At least 17 people - nine from the same family - have died after an amphibious “duck boat” capsized in stormy weather on a lake in Missouri.
Divers had been searching for four people who were missing after the sightseeing vessel sank in Table Rock Lake, police in the US state said and as Governor Mike Parson had pointed out to CNN, the chances of finding survivors were slim the morning after the incident. Mr Parson later revealed that nine of the victims, which is said to be include children, were members of the same family.
"It's difficult to find the right words to say," he told the broadcaster
Finding the missing passengers "brings some closure" to survivors and victims' families, Stone County Sheriff Doug Rader told MSNBC, congratulating the efforts of rescue divers. Seven others were taken to hospital following the disaster near the city of Branson, Mr Rader said.
President Donald Trump tweeted his condolences to the victims' families and wrote: " Such a tragedy, such a great loss. May God be with you all!"
There were 31 people on board the Ride the Ducks tour boat when it sank in 40 feet (12 metres) of water during the thunderstorm shortly after 7pm local time (midnight GMT) on Thursday. The driver of the duck boat - a hybrid land-to-water vehicle, was among the victims, police said.
A second boat made it safely back to shore.
“There was some heavy wind. It was having problems through the wind,” Mr Rader said. “They were coming back towards land. There was actually two ducks. The first one made it out. The second one didn’t.”
Mr Parson indicated the weather had been calm Thursday evening and the devastating storm "came out of nowhere". Jim Pattison Jr, president of the Ride the Duck Branson's parent company Ripley Entertainment, said: "My understanding was that when the boat went in the water, it was calm. And partway through coming back is when ... the waves picked up and then obviously swamped the boat."
Two adults in a critical condition were among seven victims taken to the Cox Medical Centre in Branson, the hospital said.
Video footage shot by a witness from the shore and broadcast by local media showed strong waves tossing two duck boats side to side during the storm.
Steve Lindenberg, a National Weather Service meteorologist in Springfield, Missouri, said the agency had issued a severe thunderstorm warning for the Branson area on Thursday evening ahead of winds of more than 60mph.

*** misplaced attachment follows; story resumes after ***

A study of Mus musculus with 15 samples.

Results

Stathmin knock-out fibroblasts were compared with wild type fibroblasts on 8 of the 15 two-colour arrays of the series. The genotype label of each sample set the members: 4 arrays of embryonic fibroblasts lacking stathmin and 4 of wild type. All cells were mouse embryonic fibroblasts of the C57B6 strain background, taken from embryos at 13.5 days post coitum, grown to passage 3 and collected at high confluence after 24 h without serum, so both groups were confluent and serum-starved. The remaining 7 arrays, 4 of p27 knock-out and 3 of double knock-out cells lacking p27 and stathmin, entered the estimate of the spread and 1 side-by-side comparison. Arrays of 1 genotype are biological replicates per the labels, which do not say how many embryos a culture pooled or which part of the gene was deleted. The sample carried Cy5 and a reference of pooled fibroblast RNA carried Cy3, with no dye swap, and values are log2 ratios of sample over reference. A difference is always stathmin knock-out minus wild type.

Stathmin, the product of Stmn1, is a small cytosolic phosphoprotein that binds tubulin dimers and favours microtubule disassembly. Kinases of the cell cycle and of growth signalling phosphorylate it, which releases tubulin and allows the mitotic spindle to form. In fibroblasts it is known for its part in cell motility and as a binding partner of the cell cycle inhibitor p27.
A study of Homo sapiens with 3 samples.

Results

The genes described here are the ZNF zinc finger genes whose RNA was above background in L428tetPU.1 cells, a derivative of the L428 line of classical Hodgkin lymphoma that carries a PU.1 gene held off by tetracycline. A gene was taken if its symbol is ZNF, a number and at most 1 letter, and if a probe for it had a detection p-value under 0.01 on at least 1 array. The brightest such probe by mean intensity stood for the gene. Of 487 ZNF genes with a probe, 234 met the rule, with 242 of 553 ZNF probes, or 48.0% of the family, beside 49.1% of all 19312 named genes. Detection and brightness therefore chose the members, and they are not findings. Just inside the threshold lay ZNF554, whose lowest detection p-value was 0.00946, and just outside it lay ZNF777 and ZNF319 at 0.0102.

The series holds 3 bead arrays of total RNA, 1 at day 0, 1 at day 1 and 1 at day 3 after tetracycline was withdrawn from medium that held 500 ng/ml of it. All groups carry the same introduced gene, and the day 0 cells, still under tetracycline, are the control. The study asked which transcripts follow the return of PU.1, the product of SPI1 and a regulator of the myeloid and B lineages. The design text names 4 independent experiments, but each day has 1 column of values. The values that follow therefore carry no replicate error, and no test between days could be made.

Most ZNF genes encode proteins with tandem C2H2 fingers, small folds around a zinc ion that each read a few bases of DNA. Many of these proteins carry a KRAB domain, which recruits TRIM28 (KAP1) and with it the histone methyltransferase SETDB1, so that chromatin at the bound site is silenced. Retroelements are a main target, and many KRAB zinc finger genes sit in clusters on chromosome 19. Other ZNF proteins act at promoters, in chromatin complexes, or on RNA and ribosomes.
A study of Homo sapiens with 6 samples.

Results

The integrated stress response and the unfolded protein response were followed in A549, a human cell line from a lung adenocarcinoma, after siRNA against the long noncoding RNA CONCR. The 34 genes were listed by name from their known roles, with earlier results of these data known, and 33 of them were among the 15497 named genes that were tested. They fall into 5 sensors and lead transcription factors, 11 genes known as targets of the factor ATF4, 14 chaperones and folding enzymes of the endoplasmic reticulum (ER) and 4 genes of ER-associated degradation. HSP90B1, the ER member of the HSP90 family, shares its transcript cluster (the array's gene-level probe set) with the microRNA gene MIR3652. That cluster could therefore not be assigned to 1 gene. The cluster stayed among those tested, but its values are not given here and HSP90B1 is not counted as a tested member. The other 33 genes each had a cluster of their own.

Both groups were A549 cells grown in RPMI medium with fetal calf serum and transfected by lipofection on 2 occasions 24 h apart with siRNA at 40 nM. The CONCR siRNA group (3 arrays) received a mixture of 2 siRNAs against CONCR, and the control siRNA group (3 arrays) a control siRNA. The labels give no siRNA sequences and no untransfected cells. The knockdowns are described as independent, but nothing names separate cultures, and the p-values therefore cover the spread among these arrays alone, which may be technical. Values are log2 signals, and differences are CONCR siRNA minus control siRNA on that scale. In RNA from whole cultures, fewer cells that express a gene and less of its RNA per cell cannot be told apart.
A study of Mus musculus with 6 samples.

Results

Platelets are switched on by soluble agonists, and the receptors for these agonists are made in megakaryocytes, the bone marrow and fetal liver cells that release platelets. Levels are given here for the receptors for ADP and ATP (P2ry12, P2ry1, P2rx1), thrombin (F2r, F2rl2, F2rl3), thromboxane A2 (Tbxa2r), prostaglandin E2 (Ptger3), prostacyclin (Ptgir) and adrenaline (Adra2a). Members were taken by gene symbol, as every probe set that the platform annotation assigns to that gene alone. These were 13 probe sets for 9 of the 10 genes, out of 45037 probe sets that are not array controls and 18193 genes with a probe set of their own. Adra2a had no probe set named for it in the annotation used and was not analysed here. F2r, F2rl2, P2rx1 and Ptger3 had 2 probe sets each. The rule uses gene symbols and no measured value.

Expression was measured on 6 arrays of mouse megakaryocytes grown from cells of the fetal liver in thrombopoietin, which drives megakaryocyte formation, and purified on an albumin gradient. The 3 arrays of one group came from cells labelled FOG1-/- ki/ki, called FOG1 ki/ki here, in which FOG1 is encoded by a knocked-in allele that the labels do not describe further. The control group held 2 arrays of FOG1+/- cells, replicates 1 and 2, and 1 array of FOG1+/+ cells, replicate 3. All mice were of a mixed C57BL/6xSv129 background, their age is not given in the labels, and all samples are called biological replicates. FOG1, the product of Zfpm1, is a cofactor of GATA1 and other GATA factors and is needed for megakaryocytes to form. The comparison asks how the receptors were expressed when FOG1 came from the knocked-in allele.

“It’s a warning telling people to take shelter,” he said.
Mr Rader said an off-duty police officer working security for the boat company had been on the boat and helped to rescue people as it sank. Life jackets were on board, the sheriff added but it is unclear at this time if passengers were wearing them or if they would have helped given the nature of the storm.
Dive teams from several law enforcement agencies were involved in the rescue but were forced to halt the search on Thursday night. They were due to resume on Friday morning, when investigators from the National Transportation Safety Board are also due to arrive.
Suzanne Smagala-Potts, a spokeswoman for Ripley Entertainment, which owns the Branson branch of the Ride the Ducks brand, said: “Our number one priority is the families and our employees that were affected by this tragic accident.
“As of this time right now we are assisting the authorities as they continue with their search and rescue operation.”
Ms Smagala said the boat's sinking was the Branson tour's first accident in more than 40 years of operation
She could not confirm how many crew members were aboard the boat.
The operator’s website and social media pages advertise 70-minute tours which begin at Branson and offer scenic views of the Ozarks mountains from land and water. Customers are also told they can "drive the duck a little”.
Branson, a city of around 10,000 people about 200 miles south east of Kansas City, is a popular holiday destination for families.
Amphibious vehicles, which can travel on both land and in water, are used on sightseeing tours around the world but have been involved in a number of fatal accidents over the past two decades.
Ride the Ducks International, which builds the boats used by several US tour operators, agreed in 2016 to pay a $1m (£770,000) fine after one of its vehicles collided with a coach in Seattle, killing five international students.
The company admitted to failing to comply with US vehicle manufacturing rules.